25 October 2013   (0 Comments)
Posted by: Author: Colm Kelpie

THE European Commission has proposed a new standard VAT return, which it claims will cut costs for businesses by up to €15bn and slash red tape.

The Brussels-based body said the move also had the potential to reduce fraud across the European Union and cut the VAT gap.

The proposal sets out a uniform set of requirements for businesses when they are filing their VAT returns, regardless of the member state in which they do it.

"Given that the simpler procedures are easier to comply with and easier to enforce, today's proposal should also help to improve VAT compliance and increase public revenues," the commission said in a statement.

Every year, 150 million VAT returns are submitted by EU taxpayers to national tax administrations.

Currently, the information requested, the format of national forms and the reporting deadlines vary considerably from one country to the next.

The proposed new standard VAT will have only five compulsory boxes to fill in.

Countries are given leeway to request a number of additional standardised elements, up to a maximum of 26 information boxes.

"This is a vast improvement on the current situation, whereby some member states require up to 100 information boxes to be completed," the commission said.

Businesses will file the standard VAT return on a monthly basis, while micro-enterprises will only be obliged to do it on a quarterly basis.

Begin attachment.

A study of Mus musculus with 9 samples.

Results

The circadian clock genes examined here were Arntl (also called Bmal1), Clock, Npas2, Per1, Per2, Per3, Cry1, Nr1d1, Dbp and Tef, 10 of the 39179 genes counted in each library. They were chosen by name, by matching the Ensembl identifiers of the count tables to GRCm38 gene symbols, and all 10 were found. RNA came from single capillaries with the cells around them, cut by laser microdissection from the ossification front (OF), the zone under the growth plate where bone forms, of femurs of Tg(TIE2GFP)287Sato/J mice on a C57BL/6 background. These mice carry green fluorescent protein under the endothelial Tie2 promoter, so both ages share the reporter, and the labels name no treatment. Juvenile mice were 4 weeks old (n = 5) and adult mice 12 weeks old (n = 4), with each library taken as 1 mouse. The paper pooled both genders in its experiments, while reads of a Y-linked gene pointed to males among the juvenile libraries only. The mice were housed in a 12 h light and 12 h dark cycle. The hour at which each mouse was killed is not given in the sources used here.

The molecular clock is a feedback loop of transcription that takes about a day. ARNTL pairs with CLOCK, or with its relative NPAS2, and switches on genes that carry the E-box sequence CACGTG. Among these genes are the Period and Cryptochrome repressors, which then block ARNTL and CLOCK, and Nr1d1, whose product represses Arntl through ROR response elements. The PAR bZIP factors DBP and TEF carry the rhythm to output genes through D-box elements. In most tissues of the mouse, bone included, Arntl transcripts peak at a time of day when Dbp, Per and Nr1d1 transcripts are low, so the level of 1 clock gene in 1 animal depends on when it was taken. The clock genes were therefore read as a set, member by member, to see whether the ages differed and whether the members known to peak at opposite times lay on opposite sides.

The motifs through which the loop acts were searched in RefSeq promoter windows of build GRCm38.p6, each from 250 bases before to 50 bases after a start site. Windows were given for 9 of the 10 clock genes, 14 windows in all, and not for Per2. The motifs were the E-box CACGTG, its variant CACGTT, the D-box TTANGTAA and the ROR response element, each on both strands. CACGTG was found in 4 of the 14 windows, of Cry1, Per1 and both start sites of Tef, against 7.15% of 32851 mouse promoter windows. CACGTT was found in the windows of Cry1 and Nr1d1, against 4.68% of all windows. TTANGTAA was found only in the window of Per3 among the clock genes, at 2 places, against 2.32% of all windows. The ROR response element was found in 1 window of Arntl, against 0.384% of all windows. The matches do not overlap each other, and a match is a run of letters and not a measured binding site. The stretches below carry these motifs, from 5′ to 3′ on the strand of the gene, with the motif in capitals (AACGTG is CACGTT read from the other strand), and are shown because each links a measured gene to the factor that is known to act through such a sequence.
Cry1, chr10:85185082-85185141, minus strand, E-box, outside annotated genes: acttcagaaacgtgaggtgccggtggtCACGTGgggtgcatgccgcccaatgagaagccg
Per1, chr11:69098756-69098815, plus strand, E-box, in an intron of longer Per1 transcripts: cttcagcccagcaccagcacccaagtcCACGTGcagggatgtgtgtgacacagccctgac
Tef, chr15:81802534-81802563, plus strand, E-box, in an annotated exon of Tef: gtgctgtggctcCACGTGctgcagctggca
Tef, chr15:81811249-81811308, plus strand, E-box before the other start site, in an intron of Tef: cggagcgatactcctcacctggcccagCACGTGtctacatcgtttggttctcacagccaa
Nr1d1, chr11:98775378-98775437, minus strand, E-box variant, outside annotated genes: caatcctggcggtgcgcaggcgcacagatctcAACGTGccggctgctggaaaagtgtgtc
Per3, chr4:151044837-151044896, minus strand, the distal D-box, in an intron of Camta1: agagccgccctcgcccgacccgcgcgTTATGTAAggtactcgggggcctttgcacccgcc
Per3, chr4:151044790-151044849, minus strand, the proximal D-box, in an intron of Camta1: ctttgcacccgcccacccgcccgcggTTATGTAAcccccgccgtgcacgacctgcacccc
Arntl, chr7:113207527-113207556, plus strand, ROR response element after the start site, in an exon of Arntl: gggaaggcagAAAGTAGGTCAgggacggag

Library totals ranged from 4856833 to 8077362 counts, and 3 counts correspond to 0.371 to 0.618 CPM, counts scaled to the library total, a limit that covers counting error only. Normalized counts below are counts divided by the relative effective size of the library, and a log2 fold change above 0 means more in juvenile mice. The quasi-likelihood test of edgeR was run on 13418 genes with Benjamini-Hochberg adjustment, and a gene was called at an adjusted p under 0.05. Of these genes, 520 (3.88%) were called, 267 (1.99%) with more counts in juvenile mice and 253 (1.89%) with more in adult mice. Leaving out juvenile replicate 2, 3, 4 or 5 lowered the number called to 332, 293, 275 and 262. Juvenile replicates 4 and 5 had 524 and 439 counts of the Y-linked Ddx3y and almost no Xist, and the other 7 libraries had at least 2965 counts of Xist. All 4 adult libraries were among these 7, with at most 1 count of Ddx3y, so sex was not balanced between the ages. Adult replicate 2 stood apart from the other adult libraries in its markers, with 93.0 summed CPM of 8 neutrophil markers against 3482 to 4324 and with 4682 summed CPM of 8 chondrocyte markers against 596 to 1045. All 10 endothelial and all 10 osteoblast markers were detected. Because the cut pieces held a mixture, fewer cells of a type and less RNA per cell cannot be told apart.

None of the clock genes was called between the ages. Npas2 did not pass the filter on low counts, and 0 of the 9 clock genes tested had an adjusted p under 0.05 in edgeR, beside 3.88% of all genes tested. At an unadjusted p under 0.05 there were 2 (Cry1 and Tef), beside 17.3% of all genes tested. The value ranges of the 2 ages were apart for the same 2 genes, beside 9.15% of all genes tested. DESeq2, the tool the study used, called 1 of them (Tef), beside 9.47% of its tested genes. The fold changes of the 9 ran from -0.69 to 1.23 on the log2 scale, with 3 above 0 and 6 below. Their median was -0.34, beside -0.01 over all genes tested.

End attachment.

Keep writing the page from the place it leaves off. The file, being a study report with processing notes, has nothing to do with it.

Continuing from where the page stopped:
The obligation to submit a so-called recapitulative yearly VAT return, which some countries currently demand, would be abolished.

The proposal also encourages electronic filing, as the standard VAT return will be allowed to be submitted electronically throughout the EU.


VAT accounts for around 21pc of member states' revenues, yet around €193bn went uncollected in 2011.

"By creating an easier system for both taxpayers and administrations to work with, the standard VAT return can improve tax compliance and reduce the VAT gap," the commission said.

It added: "As such, today's proposal could make an important contribution to fiscal consolidation across the EU by increasing income to the public purse."

The proposal will now be sent to the European Parliament for approval.

This article first appeared in


Section 240A of the Tax Administration Act, 2011 (as amended) requires that all tax practitioners register with a recognized controlling body before 1 July 2013. It is a criminal offense to not register with both a recognized controlling body and SARS.


The Act requires that a minimum academic and practical requirments be set to register with a controlling body. Click here for the minimum requirements of SAIT.